I don’t really mind taxes. I kind of believe in them. I like to live in a society where we all contribute to our collective benefit. I hate doing my taxes until I’m doing them. I use TurboTax, so it’s pretty easy, I just dread it.
This year, doing my taxes for what might be the last time, felt like a kind of referendum on my relationship with capitalism. I literally wept while filling in the numbers. It was an earnings funeral. My time as a profitable person is over.
In my whole work career I never made more than $52-53k in a year, and that only a few times. That amount of money seemed ok — I could live, pay rent, bills and college loans and not really worry. But I couldn’t buy a new car or a house without family help. I felt like I should be middle class, but there was never any money left over or much savings.
I had been imagining that I would catch on at one of these colleges and start building a career. Get on the tenure track and work for 30 years. My mom worked until she was like 74 and I figured I’d do the same or die trying. I really liked thinking about art, talking about art, making art, teaching art — all day long.
I remember thinking that my 13 years in Brooklyn were a kind of early retirement. I was always trying to work less. Even though I worked those years, I probably only worked full time for half of them. Otherwise I was finishing my graduate degree, between jobs, or going to artist residencies. I wanted 3 day weeks and to work from home. I wanted to read books in cafes on weekdays.
I realized at some point that my problem with work was that I always wanted to be somewhere else, doing something else. It wasn’t until the economy crashed in 2008 that I was finally able to take the opportunity and apply to artist residencies. It was such a revelation. To be an artist all day, every day. It was transformational. I finally felt like an artist. Even deep down.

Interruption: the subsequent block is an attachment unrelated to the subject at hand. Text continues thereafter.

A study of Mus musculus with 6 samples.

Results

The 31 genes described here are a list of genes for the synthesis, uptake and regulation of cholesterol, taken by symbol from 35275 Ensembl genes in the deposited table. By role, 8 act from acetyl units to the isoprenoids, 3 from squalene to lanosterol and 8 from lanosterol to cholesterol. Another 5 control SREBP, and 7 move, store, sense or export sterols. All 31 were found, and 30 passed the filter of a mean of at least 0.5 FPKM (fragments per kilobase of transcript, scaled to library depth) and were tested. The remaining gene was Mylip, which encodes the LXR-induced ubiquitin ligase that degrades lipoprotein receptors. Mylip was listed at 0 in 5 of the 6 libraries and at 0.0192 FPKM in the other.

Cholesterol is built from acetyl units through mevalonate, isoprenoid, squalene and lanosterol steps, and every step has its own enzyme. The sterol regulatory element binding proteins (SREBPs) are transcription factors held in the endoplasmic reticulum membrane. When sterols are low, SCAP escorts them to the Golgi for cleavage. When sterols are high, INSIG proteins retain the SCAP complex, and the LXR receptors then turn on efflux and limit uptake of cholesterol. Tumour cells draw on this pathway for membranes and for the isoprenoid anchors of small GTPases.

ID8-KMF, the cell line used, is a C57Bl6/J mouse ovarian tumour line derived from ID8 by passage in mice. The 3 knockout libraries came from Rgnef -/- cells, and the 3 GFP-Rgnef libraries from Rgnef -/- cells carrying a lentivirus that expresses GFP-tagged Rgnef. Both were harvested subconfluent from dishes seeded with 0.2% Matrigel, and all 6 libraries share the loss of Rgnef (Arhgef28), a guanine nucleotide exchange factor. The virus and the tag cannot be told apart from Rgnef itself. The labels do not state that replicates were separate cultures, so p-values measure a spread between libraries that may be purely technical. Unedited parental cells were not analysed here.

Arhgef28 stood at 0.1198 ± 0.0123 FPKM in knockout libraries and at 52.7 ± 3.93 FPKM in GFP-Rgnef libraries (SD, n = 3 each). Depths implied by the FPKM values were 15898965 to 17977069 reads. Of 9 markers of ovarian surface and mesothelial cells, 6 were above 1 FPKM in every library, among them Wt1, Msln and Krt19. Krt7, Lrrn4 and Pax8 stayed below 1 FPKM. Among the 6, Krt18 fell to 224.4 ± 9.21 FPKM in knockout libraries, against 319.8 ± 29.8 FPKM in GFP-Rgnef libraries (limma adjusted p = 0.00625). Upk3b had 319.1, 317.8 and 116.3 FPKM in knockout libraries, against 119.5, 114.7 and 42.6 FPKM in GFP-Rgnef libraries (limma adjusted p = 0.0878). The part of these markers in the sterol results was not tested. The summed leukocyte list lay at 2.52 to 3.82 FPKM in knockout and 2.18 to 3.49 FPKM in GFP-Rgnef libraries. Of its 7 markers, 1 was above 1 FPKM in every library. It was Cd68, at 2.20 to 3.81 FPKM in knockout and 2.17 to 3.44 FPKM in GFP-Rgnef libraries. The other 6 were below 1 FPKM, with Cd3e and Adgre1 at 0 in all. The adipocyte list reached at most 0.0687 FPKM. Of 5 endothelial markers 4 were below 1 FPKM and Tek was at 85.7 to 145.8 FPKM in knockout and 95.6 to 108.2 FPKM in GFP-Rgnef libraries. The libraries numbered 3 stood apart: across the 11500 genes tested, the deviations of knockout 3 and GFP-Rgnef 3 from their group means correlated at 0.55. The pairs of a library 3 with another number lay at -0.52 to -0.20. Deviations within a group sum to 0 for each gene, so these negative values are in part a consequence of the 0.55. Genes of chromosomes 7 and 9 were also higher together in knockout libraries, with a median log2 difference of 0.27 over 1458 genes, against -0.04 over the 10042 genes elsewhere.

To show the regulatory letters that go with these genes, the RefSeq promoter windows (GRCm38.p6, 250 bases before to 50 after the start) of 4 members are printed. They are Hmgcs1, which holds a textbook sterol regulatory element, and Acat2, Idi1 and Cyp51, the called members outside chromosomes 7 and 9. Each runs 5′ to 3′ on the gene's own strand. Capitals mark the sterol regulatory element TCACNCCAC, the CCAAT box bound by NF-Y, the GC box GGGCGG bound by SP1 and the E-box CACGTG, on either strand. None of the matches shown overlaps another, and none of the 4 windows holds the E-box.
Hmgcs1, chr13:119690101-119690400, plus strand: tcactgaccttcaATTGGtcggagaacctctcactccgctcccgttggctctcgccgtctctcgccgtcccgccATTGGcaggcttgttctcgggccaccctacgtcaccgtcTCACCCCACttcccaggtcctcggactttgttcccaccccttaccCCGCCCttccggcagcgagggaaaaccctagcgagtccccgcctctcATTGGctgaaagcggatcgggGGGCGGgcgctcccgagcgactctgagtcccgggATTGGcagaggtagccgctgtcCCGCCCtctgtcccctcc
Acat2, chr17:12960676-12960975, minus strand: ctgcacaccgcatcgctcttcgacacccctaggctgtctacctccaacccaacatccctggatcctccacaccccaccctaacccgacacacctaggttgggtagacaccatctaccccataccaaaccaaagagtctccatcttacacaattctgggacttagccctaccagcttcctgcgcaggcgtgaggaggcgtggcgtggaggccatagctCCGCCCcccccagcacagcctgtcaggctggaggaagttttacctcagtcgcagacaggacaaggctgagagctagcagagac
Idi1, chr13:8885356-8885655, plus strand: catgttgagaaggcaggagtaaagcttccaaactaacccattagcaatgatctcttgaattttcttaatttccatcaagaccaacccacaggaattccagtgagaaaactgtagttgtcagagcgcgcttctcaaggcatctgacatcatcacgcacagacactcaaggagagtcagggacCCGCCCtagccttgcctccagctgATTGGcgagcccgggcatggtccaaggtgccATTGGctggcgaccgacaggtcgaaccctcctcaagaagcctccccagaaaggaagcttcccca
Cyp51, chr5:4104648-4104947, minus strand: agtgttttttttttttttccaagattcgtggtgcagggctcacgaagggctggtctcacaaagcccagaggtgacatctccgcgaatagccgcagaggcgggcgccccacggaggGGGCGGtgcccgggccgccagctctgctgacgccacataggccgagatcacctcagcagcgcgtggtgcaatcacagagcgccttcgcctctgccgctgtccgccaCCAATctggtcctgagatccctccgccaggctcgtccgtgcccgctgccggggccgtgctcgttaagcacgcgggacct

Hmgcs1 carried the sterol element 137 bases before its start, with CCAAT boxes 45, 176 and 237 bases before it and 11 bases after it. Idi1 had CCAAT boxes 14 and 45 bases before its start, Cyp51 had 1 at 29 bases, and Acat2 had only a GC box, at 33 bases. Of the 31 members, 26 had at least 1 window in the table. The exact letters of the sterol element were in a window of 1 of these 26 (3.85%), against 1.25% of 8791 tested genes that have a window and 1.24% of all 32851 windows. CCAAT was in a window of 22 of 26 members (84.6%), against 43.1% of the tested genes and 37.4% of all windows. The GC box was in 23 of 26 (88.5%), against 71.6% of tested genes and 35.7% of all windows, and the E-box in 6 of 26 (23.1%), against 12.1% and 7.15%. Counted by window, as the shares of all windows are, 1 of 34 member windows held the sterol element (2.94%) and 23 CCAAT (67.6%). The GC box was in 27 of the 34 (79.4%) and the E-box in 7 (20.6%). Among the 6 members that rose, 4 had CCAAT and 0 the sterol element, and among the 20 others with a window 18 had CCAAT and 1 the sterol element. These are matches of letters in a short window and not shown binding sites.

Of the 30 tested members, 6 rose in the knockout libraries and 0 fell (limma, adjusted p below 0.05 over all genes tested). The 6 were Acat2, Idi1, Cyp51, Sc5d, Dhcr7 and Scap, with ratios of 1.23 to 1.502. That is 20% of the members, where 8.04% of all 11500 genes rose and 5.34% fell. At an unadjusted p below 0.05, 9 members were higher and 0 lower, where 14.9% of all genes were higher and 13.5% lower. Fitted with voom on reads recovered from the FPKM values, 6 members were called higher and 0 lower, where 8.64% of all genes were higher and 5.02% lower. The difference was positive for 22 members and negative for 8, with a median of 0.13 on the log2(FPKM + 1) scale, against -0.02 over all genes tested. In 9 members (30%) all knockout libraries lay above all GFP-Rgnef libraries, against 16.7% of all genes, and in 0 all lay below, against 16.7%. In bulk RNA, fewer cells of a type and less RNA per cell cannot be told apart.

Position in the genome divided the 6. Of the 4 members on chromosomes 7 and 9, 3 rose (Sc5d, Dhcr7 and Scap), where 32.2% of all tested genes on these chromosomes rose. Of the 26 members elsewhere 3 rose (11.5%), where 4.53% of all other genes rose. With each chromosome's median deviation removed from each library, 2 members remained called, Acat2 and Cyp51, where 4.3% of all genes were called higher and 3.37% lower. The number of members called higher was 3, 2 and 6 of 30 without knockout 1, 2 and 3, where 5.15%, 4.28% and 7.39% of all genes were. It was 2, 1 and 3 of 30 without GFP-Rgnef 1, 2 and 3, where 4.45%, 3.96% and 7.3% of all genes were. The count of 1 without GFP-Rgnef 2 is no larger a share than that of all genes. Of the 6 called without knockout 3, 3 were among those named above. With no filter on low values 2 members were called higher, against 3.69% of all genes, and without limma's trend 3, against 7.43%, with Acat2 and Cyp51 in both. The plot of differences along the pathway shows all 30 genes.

Now my career feels over. I don’t know that I’ll ever work again. It’s been almost a year since I stopped teaching and I’ve only gotten more fatigued and weakened by the cancer treatment. Working full time hours feels like an impossibility. I’m probably more likely to go on permanent disability than I am to work full time again.
During the days I work in the garden. I take lots of breaks. I rest. I stay hydrated. I go to doctors appointments. If I do too much in the yard, or if I go to the doctor and the grocery store, I literally don’t have the energy to walk my dog. If I take a walk with the dog, I won’t want to leave the house in the evening. It’s extremely limiting, this finite daily energy. I don’t know how I come back from it.